Bill Donohue

On December 4, the House Report of the Committee on the Judiciary and Select Subcommittee on the Weaponization of the Federal Government released its findings on the FBI’s probe of Catholics.

How, and why, did the nation’s premier law enforcement agency become radicalized, portraying ordinary Catholics as the enemy? That is something that still needs to be answered, despite the yeoman efforts of this committee and subcommittee.

It is painfully clear that there is an anti-Catholic cell group within the FBI. Most alarming, even after the release of the evidence showing how compromised certain units in the FBI have become, the Report concludes that “the FBI still apparently desires to convey the outrageous message that some Catholic Americans with traditional beliefs pose a domestic threat to our country.”

Before examining the evidence in the Report, here’s a quick summation of what has happened. [Note: More on this subject will soon be released.]

We first learned of the anti-Catholic FBI caper in February when whistleblower Kyle Seraphin disclosed a startling memo produced by the Richmond Field Office: it revealed an investigation of traditional Catholics. In February, the House Judiciary Committee began its own investigation into this matter.

On February 9, I made public my concerns. I was not convinced that the FBI was limiting its probe to “Radical-Traditional Catholics.” I raised two questions:  “What’s next? Will it be a war on Catholics who are orthodox?”

My hunch proved to be right. The FBI subsequently said that “mainline Catholic parishes” and “local diocesan leadership” were selected for investigation. Consequently, I wrote to FBI Director Christopher Wray asking him to release those documents that pertain to this issue. He did not reply. But we did not give up.

After Jordan subpoenaed Wray on April 10, the FBI finally turned over 248 documents, many of which were redacted. On July 12, Wray  testified before Jordan’s committee. He said that the entire Bureau probe of Catholics was contained to the Richmond Field Office. He agreed to send documents that were less redacted.

Not satisfied with his response, I wrote to Jordan on July 24 asking him to find out why ordinary Catholics were being investigated; the letter was  emailed to his staff the same day.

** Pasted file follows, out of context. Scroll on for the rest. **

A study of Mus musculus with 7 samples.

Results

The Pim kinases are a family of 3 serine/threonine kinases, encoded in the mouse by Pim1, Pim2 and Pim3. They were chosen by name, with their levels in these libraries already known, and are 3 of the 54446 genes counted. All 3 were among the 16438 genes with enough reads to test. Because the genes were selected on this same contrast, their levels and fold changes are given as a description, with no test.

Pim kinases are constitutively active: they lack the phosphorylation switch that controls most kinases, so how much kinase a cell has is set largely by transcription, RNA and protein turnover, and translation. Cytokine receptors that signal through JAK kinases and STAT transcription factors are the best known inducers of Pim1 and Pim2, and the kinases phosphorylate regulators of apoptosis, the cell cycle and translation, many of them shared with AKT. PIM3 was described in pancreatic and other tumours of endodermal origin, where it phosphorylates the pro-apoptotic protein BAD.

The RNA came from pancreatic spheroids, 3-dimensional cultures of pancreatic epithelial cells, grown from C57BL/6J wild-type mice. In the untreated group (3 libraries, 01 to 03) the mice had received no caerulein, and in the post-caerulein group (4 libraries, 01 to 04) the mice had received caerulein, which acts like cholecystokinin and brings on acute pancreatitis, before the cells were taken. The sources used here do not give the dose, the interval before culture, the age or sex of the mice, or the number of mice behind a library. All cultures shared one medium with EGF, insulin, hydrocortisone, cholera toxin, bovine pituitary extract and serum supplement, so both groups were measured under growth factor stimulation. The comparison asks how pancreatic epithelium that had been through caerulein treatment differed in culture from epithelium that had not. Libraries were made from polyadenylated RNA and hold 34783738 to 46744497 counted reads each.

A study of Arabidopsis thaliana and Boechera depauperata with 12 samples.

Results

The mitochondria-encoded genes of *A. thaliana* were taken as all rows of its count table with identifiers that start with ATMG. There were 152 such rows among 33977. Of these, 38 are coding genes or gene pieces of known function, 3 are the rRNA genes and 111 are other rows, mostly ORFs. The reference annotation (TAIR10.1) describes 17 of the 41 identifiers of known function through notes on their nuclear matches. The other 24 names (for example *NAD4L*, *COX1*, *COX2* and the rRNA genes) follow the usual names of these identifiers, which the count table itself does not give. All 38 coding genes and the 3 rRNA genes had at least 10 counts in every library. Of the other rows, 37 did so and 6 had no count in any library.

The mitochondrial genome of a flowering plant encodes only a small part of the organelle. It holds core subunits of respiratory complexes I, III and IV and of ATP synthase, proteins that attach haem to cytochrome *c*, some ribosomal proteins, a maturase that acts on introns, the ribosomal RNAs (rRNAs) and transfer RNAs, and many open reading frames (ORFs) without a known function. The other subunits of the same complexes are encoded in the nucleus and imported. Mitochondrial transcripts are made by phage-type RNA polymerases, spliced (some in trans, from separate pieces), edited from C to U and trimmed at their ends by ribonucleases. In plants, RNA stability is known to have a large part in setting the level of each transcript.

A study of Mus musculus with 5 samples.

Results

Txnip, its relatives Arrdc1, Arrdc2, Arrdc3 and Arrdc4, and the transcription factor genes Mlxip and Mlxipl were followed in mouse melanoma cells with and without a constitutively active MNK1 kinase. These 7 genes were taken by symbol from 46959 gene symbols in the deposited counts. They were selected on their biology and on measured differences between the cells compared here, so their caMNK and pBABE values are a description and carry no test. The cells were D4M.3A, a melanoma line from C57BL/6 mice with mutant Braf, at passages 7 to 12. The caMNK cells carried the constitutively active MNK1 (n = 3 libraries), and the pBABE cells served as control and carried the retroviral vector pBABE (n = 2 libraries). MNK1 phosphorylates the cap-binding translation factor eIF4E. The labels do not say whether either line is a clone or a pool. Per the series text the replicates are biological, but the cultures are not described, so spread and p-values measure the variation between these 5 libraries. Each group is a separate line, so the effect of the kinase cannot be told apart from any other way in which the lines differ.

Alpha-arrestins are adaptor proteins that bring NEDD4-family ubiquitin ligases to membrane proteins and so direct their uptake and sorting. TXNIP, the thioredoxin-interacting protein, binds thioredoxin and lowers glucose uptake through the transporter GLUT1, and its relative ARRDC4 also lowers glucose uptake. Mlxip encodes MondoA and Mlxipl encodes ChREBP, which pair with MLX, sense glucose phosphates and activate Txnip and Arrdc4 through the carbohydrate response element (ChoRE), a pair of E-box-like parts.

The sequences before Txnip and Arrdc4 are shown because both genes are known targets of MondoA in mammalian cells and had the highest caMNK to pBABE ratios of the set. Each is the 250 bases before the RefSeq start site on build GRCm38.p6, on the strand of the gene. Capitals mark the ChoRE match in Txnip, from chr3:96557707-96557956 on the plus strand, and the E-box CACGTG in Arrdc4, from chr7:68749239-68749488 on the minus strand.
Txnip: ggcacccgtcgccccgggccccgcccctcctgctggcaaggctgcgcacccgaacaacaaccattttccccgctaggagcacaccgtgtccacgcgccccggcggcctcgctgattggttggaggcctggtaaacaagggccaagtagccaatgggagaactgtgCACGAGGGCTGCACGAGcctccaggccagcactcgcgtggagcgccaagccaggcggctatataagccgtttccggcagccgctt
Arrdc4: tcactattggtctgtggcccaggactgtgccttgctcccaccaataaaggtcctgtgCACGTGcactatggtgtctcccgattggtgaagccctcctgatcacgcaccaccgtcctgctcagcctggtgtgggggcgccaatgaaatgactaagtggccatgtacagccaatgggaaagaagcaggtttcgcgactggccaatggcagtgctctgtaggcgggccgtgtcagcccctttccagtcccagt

On July 25, the FBI finally handed over a version of the documents with less redactions. Importantly, it was learned that its actions were not limited to “a single field office,” as Wray had testified: Milwaukee, Los Angeles and Portland offices were involved.

I wrote to Jordan again on July 26, August 10 and September 21, proposing a series of questions that Wray should have to answer.

The Report notes that on October 27 the FBI released another 261 pages of documents. It also noted that “the FBI has failed to produce the names of the FBI employees who were involved in drafting, reviewing, approving, or disseminating the memorandum.”

While other field offices assisted the Richmond Office, the Report found that the greatest delinquency was committed by Richmond employees. For example, though the memo was peer-reviewed by other employees at the Richmond facility, none had expressed any concerns, constitutional or otherwise.

Interestingly, they relied on the advice of an analyst “who had completed two years of Catholic seminary.” While most young men in recent times who have studied for the priesthood are good men, some of those who have dropped out of the seminary have been very troubled individuals, thus calling into question their judgment on these matters. So it is not reassuring to learn that an ex-seminarian was asked for his input.

The Report criticized the process as a “rubber-stamp review,” one that received the blessings of the top lawyer involved.  He said the memo “look[ed] good” and that there were “no legal issues.”

When the memo was leaked to the public, the FBI—on that same day—withdrew it. Not only that, “everything associated with the memorandum” was deleted and “removed from the site’s recycle bin.”

What was the end goal? The purpose of the memo was first to “engage” the Diocese of Richmond. Then it was poised to expand its reach nationwide. It was revealed that “the FBI had plans for an external, FBI-wide product based on the Richmond memorandum.” Meaning, as the Special Agent in charge of the Richmond Field Office put it, that the memo “could be [used] to inform…other intelligence analysts across the country.”

This should be the focus of new hearings—it is the most alarming finding in the Report.

This is striking on another level: after the memo was withdrawn, the FBI blamed the Richmond Field Office for everything.

It’s important to realize that the FBI was never interested in investigating  dissident, left-wing Catholics. No, the only ones on their radar were those who are “pro-life, pro-family, and support the biological basis for sex and gender distinction as potential domestic terrorists.”

That’s right. The FBI sees as potential domestic terrorists those who defend the life of the unborn, those who prize the family, and those who believe that we cannot change our nature-determined sex as male or female.

There is an anti-Catholic cell group in the FBI. It needs to be purged.